The Daily Tar Heel

Serving the students and the University community since 1893

Wednesday October 20th

Merritt at Her Best on Stage

Merritt opened her show with "Virginia No One Can Warn You," the second track from Bramble Rose, released June 4. The pint-sized powerhouse seemed refreshed, full of grit and glad to be in front of a familiar audience.

She slowed things down with "Are You Still In Love With Me?," a story-song reminiscent of Willie Nelson's music. The bittersweet, melancholy ballad is perfectly indicative of Merritt's country roots and exemplifies her talent for tugging at the heartstrings rather than just cranking out soon-to-be Southern rock anthems.

In the same vein, Merritt warbled out "Sunday," a midtempo, blues-oriented ballad for sensual, clandestine activities. Backed by newly added saxophone and trumpet, Merritt's band, the Carbines, swelled to match her plaintiff, yet powerful vocals.

Her Joplin-meets-Raitt-meets-Cline voice is not Merritt's only asset, however. She jumps freely from acoustic guitar to electric and from harmonica to keyboards. At the Cradle she bounced from instrument to instrument and from song to song, eager to keep the show rolling at a breakneck pace.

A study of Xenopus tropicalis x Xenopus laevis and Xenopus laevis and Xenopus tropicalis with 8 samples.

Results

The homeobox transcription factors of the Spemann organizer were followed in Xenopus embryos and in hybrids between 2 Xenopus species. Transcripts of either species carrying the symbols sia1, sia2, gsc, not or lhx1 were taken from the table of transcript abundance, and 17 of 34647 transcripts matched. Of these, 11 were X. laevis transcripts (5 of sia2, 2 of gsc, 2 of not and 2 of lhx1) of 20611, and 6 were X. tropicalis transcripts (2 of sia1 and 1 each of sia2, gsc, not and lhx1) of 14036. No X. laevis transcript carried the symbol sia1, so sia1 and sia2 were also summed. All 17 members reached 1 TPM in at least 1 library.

As she sat down at the keyboard for the Vietnam War-themed tune "Bird of Freedom," Merritt verbally dismissed the insult of a Canadian critic who recently equated the song with Skynyrd's "Free Bird." As the band members kept time with the soft taps of their cowboy boots, Merritt exhibited equal aptitude on keyboards as she did on guitar for the duration of the hard rock, 1960s-influenced song.

Merritt finished the set by switching back to acoustic guitar and adding a harmonica for "When I Cross Over," also the final track on Bramble Rose. The slow fade of the hymn-styled tune brought the concert to a quiet end -- at least until the audience erupted into explosive applause, calling Merritt and the Carbines back to the stage for a three-song encore.

And while she covered the entirety of Bramble Rose on stage, it must be said that Merritt live is a different creature than Merritt on CD.

Not to mix album reviews with concert reviews, but Merritt in the flesh bears a certain raw grittiness that a studio recording cannot reproduce. Her energy is contagious, and the complications of budding stardom are made null and void by her musical voracity in front of a crowd.

For now, this trait might be the only thing that will truly pave her way to fame.

The Arts & Entertainment Editor can be reached at artsdesk@unc.edu.